KARMOL’s first Floating Storage Regasification Unit (FSRU) has arrived in Dakar, Senegal for Karpowership’s landmark LNG transition.
A joint venture between floating power plant company, Karpowership, and shipping company, Mitsui O.S.K Lines, KARMOL arrived from Singapore on the 31st of May and will supply Senegal with LNG-powered electricity via the FSRU.
Since August 2019, Karpowership have been operating a 235MW capacity Powership, Karadeniz Powership Ayşegül Sultan off Senegal, supplying 15% of the country’s electricity supply.
With plans to switch its entire fleet of Powerships to more sustainable and affordable LNG, the Senegal Powership will switch to operating with LNG before the end of June 2021.
Aside from being more environmentally responsible and available at a lower cost, the combination of Powerships and FSRU’s allow countries with no domestic gas supply to experience LNG-powered electricity.
When the FSRU was undergoing sea trials off Singapore in March, Gokham Kocak, KARMOL Board Member, said, “This is a big moment for West Africa and the wider continent, and an exciting time for KARMOL.”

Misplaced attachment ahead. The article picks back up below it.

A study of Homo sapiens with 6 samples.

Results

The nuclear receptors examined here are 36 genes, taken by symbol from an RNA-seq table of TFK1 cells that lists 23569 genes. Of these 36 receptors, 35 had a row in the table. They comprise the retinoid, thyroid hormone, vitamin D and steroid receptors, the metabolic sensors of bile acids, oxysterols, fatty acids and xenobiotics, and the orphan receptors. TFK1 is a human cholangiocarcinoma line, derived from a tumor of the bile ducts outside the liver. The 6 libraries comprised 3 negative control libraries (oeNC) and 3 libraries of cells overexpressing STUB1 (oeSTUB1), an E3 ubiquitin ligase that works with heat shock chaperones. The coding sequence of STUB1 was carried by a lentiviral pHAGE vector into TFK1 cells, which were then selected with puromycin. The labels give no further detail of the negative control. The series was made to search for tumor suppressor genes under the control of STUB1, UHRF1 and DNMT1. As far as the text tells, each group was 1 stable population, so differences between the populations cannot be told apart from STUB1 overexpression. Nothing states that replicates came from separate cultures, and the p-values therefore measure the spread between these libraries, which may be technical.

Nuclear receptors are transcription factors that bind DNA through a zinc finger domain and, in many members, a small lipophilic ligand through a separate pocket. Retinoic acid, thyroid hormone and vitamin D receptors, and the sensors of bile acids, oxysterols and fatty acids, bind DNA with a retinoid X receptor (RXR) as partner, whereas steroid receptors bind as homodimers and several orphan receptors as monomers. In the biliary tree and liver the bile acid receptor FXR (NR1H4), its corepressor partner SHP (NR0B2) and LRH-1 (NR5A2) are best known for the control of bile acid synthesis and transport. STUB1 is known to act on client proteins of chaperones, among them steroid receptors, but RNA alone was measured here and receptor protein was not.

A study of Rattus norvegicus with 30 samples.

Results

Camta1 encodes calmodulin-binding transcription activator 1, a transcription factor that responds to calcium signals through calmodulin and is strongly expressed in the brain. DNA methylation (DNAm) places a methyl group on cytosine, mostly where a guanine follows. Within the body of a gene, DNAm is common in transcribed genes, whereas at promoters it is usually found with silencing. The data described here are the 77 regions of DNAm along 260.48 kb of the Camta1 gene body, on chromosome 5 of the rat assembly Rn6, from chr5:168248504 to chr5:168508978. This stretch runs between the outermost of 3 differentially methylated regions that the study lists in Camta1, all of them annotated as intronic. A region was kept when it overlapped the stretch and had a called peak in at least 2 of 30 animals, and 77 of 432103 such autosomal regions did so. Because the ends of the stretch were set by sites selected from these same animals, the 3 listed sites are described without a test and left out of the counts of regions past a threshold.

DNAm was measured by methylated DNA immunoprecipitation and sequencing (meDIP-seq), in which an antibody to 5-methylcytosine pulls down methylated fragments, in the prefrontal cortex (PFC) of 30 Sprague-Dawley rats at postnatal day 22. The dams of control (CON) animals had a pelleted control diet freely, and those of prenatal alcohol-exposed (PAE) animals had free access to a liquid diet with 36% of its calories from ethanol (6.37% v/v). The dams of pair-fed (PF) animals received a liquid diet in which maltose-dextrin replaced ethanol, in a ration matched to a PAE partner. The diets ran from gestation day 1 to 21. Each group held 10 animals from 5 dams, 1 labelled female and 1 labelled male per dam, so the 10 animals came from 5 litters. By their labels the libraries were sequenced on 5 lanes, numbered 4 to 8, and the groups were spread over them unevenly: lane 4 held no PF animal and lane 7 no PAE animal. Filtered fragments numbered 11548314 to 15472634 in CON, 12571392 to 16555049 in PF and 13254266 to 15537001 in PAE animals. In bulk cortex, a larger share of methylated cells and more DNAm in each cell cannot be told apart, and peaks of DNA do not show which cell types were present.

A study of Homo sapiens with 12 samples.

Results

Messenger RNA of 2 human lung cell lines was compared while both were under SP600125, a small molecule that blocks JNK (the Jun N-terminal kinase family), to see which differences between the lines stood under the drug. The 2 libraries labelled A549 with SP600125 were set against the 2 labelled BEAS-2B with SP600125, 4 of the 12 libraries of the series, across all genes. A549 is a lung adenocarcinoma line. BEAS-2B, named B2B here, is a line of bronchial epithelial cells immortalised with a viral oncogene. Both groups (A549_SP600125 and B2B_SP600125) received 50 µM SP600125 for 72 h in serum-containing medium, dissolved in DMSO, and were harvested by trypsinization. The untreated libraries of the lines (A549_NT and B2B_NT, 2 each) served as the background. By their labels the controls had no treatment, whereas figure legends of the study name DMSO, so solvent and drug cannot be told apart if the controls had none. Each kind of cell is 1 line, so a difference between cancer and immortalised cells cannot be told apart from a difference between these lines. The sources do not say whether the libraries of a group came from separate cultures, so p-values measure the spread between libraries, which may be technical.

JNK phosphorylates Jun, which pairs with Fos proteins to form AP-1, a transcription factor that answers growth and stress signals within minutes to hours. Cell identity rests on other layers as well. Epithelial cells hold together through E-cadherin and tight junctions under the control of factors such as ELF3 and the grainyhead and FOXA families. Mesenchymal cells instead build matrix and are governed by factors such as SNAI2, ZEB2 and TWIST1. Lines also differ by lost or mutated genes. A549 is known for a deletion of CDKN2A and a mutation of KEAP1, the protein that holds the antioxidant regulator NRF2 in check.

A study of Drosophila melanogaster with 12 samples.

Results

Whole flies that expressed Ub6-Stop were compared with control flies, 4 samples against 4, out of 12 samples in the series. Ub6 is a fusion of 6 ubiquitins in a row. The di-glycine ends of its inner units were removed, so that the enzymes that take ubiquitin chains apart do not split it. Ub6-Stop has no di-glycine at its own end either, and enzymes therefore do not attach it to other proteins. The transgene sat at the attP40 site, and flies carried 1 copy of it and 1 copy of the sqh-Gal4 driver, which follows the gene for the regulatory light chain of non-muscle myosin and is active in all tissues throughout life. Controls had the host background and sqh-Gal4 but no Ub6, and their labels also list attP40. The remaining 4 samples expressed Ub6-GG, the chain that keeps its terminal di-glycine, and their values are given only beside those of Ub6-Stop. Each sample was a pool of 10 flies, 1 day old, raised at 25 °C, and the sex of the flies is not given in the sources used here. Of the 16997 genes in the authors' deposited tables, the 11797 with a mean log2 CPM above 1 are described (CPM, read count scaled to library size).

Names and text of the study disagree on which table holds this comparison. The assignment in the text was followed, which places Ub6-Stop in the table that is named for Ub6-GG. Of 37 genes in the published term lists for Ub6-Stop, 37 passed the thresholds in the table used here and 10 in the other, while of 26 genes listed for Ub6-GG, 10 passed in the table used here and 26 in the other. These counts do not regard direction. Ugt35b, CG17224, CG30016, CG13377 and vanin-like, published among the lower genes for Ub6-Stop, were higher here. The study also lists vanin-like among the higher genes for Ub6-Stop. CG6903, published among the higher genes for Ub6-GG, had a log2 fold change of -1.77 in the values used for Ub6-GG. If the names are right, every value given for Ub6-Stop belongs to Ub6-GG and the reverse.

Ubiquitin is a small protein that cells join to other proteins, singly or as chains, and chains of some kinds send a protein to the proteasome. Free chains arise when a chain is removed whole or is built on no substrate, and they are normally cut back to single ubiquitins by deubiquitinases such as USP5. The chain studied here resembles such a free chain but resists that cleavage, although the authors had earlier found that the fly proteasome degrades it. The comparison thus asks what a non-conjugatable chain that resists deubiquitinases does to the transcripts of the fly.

“We have a bold ambition to offer LNG to Power across the world and especially within Africa. Usage of FSRUs mean we can unlock the benefits of clean and affordable electricity for millions of people, even where countries have no domestic gas production or infrastructure.”
He continued, “The use of FSRUs and Powerships is a ground-breaking solution which opens up the prospect of stable electricity, powered by efficient, cleaner fuels, to many more countries.”
KARMOL is also planning deployment of another FSRU to Mozambique.
Speaking about an LNG sourced energy future for Africa, Kensuke Ito, KARMOL Representitive, said, “The vessel symbolises MOL and Karpowership’s continued partnership and represents our strong commitment to providing LNG-to-Power solutions to the African region.”
“This milestone has been achieved against the most challenging of backdrops with the ongoing global COVID pandemic which makes this all the more satisfying.”
Construction of the 125,000 cubic metre Senegal FSRU was undertaken by Singapore-based Sembcorp Marine.